Updated: Jul 9

"Slow art for a slow life," my tagline as an artist and as a woman who desires to live in the world with a calm nervous system, experiencing life in as deep a full and delicious sensory exploration as possible. But what does it mean? Slow art for a slow life, it sounds good, but what does it mean?

original image by Cyn Alexander

The concept of the slow art movement, as I can trace it online, originated with the idea for a Slow Art Day in 2008 from Phil Terry, a founder of the nonprofit Reading Odyssey. He organized the first Slow Art Day in response to how he experienced museum-goers racing through the art exhibits. From ArtWorld:

According to the organizers and participants in the Slow Art Day event(s), the main goal is to help the viewer contemplate art and take in the sensory experience as a meditative event. Their intention is to aid the visitor in paying attention to the artwork itself, as opposed to the experience where one mainly considers background information, such as the museum painting labels and wall texts.
Besides giving people time to appreciate an art piece more, think about it and its meaning, look into the details, the artwork’s cultural and historical significance, the Slow Art Movement gives artists the time they need to create their artwork, with less stress from the modern world’s mass-produced expectations.

original image by Cyn Alexander

Time. Slow art is, at least in part, a response to the speeding up of time--time to create and time to consume. In our current epidemic of rapid-fire scrolling, we've lost sight of the notion that observing a piece of art, or anything for that matter, is an active process. We change things as we observe them, and they change us. As we stand in front of a photo or a painting, meeting it with all our lived experiences, we participate, for the duration of our viewing, in that work of art. It becomes as we view. That's an incredibly sensual process when you think about it. More than a union, it's a transient co-creating. If we can allow ourselves to stay present in it, to let it move in and through us, two becoming one becoming two anew, it's sort of tantric. We often don't think about the sensuality of art anymore.

original image by Cyn Alexander

Beyond how we consume art, though, the notion of slow art extends to the making of art itself. As an artist, I want my work to take time. I want to allow it time to breathe, to develop, to show me what it wants to be. It means I take my time in creating it, that time itself is a facet of its creation.

For photography, it means not rushing through edits, not relying on presets for speed or ease. It means editing and absorbing, and then editing again. Did I help this image tell its story? It means all my work is my own, so no AI. And it means understanding how that image is displayed is the final layer of its creative process. How does this piece want to be revealed?

original image by Cyn Alexander

For painting, it means hours or sometimes days allowing a piece to sit and come to life. It means practicing and experimenting, allowing all the imperfections and happy accidents to guide the process. Layers upon layers of color. Channeling micro bits of my soul into each brush stroke.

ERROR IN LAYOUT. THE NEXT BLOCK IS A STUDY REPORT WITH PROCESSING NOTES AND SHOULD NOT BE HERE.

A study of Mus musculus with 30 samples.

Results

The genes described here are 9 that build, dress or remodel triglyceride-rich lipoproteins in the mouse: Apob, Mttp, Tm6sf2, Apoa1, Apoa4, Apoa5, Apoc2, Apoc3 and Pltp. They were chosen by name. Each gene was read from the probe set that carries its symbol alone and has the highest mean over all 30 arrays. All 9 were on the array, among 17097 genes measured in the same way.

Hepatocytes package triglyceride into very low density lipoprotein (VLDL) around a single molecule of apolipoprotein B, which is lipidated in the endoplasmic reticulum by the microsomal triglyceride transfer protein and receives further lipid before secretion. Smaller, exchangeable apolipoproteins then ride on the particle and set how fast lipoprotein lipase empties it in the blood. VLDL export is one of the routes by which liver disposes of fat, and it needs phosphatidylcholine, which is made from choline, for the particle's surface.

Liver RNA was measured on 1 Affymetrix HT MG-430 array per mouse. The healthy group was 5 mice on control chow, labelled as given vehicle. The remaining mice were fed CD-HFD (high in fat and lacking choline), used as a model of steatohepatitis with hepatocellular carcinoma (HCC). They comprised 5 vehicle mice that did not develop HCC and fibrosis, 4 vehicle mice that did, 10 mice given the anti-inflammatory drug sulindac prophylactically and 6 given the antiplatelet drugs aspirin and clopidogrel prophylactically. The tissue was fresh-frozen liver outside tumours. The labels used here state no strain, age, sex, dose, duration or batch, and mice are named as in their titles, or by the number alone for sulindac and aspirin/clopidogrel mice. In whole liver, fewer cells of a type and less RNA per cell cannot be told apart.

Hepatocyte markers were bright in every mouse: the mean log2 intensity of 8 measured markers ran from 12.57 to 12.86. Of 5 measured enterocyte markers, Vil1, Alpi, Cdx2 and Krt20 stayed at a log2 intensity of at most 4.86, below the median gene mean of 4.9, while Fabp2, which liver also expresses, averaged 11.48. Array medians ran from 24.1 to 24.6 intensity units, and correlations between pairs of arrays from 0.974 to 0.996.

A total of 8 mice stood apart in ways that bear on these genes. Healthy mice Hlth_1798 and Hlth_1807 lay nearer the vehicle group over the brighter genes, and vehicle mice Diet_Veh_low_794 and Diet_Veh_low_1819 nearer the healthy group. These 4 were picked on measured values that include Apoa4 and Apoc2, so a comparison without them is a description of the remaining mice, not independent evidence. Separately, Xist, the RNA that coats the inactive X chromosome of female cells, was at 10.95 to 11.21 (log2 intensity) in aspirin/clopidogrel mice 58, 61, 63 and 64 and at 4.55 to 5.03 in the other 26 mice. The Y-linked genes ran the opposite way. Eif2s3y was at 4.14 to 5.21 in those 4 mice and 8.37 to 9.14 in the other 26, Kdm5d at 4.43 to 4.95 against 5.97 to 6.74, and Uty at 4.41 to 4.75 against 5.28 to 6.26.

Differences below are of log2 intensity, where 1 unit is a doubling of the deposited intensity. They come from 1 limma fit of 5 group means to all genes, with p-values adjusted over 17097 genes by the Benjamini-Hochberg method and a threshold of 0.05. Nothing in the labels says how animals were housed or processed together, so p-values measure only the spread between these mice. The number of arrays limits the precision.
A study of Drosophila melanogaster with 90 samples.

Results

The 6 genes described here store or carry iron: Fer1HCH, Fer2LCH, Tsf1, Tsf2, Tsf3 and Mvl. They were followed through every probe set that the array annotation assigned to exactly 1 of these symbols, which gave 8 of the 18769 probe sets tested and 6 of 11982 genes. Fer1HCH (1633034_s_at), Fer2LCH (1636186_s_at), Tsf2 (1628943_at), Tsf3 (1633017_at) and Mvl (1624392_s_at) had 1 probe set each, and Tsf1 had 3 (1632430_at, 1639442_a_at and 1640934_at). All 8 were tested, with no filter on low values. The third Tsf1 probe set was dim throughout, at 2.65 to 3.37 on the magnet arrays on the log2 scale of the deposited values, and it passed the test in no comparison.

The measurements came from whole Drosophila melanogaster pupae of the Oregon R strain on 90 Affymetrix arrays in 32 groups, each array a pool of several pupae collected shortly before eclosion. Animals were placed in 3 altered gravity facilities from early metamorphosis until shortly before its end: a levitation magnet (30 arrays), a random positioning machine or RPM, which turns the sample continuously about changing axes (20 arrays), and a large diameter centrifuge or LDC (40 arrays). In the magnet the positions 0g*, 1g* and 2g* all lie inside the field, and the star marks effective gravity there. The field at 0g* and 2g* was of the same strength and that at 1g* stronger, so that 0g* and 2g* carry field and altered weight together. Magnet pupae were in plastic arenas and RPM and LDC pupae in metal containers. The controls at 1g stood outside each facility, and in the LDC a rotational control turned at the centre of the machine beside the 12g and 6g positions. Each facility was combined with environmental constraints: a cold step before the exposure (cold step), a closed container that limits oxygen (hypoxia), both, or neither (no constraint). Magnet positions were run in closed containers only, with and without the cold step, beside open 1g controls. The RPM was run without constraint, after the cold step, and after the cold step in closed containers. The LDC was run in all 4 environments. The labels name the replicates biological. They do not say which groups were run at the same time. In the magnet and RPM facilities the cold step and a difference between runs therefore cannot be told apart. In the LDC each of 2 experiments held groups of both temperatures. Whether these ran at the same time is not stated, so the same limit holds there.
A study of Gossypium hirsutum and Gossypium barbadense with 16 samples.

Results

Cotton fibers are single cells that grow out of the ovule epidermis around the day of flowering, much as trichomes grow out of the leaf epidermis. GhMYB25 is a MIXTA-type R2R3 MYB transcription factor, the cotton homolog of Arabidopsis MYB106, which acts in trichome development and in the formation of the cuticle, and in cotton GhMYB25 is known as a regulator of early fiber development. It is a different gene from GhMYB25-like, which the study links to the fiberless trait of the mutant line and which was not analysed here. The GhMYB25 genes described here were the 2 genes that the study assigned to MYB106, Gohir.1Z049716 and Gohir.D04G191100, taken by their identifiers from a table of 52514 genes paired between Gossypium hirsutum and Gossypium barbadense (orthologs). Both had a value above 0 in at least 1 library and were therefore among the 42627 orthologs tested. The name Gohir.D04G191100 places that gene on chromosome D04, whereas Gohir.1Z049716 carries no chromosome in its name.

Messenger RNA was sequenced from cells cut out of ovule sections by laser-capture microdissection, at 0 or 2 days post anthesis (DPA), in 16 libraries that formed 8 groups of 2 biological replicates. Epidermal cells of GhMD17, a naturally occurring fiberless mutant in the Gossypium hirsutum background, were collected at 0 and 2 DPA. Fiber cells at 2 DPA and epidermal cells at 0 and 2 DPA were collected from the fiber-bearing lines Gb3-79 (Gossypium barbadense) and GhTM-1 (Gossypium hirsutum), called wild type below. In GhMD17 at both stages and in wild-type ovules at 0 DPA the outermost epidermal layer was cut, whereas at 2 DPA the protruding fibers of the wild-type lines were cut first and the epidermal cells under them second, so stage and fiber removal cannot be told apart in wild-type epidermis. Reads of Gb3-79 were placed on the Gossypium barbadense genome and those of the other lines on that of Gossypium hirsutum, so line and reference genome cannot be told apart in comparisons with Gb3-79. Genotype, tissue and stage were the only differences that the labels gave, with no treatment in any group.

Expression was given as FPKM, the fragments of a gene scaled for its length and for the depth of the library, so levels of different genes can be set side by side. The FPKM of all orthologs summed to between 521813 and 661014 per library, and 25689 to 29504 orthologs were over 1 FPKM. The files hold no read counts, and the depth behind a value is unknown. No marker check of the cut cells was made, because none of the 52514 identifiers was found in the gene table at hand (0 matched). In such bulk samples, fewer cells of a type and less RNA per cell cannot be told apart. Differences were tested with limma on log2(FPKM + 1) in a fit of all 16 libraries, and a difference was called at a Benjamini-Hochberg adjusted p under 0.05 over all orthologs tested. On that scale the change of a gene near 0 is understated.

Slow art means quality over quantity, attention to process, a focused emphasis on intention and expression over shock and awe.

In terms of my floral art, it means growing my own botanicals, raising them myself, mostly from seed. It means making art with them, drying their leaves and petals to make more art and artful products, then composting anything that’s left. It means reverence and patience and attention and care.

As a consumer of art, it means spending more than 3-7 seconds taking in a piece. Did you know the optimal amount of time to look at a piece of art, to let it unfold to you and awaken you, is five to seven minutes? That’s the minimum end. How can I encourage others to spend time with my art? To stand and take it in, to listen to it speak? These are questions I’m considering as I get closer to opening Venus In Pieces, a fine art pleasure apothecary for which slow and intentional are founding principles.

original image by Cyn Alexander (look, it's me!)

It has taken an enormous amount of personal growth and healing and trauma work for me to get to a place in my life where my focus in now on achieving and maintaining a calm nervous system. I guess it helps that I have a body that is simply intolerant of anything less than that these days. The concept of slow art, then, is very much in line with slow living for me. There's really no other way I could create and maintain my health. What's happened, though, as I've leaned more into slow is that other areas of my life have begun to blossom. No, that's not quite it. Other areas of me, myself, my soul, my body, have begun to unfold. I am, in fact, in my body now, learning to love it more and more each day, learning to enjoy it. I've adopted a level of pleasure-seeking that embraces an ethical hedonism (more on that in a future post), and I'm loving it.

Slow art, slow kisses, slow dances, slow meals, slow travels, slow conversations and long content: as the world gets faster, I’ll be over here reducing my speed.

Speaking of reducing my speed, in this week's issue of my newsletter, Jupiter's Phantasy, I'm talking all about starting and growing a meditation practice you can actually live with. If you're interested in being more fully present in your life, click here to subscribe.